J and I went to New York to celebrate our one-year wedding anniversary week before last. Traditionally, the first year is the paper anniversary, and as it turned out, that was quite appropriate, because we both got each other tickets for stuff.
The impetus to go to NYC in the first place was, as I mentioned earlier, the historic appearance of Kylie Minogue on American soil, right around our anniversary date! (I got the Kylie tickets.)
And what a show it was! It's not often I use the word "extravaganza" unironically, but Kylie's Monday show on Oct. 12 was a freaking extravaganza. Kylie performed 24 songs in a little under two hours with barely a break. There were eight dancers, a live band with a horn section, impressive sets and a group of movable LED screens that augmented the sets and the atmosphere, and kept the spectacle going whenever Kylie and the dancers had to slip offstage for one of six costume changes.
Kylie came into our world as she was lowered on a big shiny skull with an apparent fire in it (?) doing the classic countdown intro to "Light Years." I'm not sure what the deal with the skull was; maybe giving death the finger after surviving breast cancer?
Apparently, the first costume change didn't work properly, so in what I consider to be a typical Kylie move, she came back onstage in her "space goddess" costume and her dancers handed her a big flouncy robe to sing in. So cute. Honestly, though, that might have been part of the show. I'm not sure; I couldn't hear or understand a lot of what she said between songs.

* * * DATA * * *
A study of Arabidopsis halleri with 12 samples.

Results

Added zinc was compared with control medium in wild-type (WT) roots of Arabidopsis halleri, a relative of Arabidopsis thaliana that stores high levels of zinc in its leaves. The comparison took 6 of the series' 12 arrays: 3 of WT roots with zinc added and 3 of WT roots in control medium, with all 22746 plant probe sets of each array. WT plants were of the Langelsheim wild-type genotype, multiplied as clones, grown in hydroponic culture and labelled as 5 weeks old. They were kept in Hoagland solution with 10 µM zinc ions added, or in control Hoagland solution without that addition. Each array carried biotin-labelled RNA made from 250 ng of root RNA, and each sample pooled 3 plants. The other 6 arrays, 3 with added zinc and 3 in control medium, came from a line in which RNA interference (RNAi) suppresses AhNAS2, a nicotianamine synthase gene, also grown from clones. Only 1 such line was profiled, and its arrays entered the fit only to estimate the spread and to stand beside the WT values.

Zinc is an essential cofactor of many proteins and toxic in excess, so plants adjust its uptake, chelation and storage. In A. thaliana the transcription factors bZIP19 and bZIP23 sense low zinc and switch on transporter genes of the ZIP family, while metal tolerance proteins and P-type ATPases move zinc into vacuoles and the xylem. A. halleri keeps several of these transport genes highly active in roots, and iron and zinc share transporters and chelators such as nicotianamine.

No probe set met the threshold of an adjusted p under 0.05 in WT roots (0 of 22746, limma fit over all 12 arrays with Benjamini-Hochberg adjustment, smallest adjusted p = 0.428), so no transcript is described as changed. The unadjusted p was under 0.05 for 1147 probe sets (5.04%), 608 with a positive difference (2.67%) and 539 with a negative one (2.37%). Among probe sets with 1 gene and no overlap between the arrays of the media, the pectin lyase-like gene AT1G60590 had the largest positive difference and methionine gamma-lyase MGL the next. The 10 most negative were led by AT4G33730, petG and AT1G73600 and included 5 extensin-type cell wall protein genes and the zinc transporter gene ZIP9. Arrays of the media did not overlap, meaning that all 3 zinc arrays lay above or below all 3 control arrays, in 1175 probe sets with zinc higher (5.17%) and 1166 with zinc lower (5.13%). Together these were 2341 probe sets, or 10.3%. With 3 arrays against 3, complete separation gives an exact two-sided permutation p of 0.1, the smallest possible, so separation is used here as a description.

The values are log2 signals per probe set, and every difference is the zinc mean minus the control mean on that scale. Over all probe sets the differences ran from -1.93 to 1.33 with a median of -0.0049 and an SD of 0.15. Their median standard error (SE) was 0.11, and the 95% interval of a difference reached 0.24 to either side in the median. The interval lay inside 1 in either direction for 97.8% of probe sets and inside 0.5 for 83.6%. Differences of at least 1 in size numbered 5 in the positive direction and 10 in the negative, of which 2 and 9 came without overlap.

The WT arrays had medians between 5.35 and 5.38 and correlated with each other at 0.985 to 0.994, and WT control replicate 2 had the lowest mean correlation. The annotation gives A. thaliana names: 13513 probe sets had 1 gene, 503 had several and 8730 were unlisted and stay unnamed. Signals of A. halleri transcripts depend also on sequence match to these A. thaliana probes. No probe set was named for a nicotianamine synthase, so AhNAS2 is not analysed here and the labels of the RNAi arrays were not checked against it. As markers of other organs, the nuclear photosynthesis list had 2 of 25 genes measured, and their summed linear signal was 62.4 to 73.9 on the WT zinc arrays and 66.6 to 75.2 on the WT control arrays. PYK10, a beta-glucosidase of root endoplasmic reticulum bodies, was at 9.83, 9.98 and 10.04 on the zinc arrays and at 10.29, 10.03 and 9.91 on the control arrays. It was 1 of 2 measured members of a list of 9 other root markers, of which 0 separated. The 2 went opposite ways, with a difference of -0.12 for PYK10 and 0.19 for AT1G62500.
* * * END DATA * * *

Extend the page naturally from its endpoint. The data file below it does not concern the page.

But I heard what she sang just fine, and she sounded lovely. The voice that seems a little nasal in the studio came out as a beautiful, rich soprano in concert, and only seemed to get stronger as the show went on. Before the finale of "Love At First Sight," she led the audience in a soaring a capella singalong of "Your Disco Needs You."
J took a picture of me watching the show and later told me, "You looked like it was Christmas morning." I couldn't believe I was actually watching someone whose music I've loved for years, and who's been something of a personal inspiration, and that I was so close to her. The dazzling spectacle of Kylie's show was appreciated, to be sure, but what mattered most to me was the honor, if you will, of watching a master do what she does.
I still don't get the flaming skull, though.
J had bought us some tickets as well: two fourth-row seats at "A Steady Rain," starring Hugh Jackman and Daniel Craig. Talk about watching masters do what they do!
The play itself was kinda meh; it would have made a pretty good episode of Law & Order. Two childhood friends grow up to become Chicago cops, and during the course of the play, the role of alpha dog subtly shifts. But, as my friend Gabriel wisely pointed out, people weren't there to see the play itself.
One of my favorite aspects of the play was the casting: it would have been so easy to have Daniel Craig play the bully and Hugh Jackman play the more sensitive lost soul, but they flipped the roles. The result is a Jackman whose showman energy makes him a bad guy you almost hate to hate, and a Craig who seems almost to apologize for his presence. It's fantastic work on both their parts.
Like the Kylie show, seeing Jackman and Craig in person was something of a once-in-a-lifetime event. Now that I think of it, so was our first anniversary.
(When we arrived home, I learned my unemployment benefits would be running out that week, and two days later I got a major case of the flu. But for that five-day weekend, all was lovely.)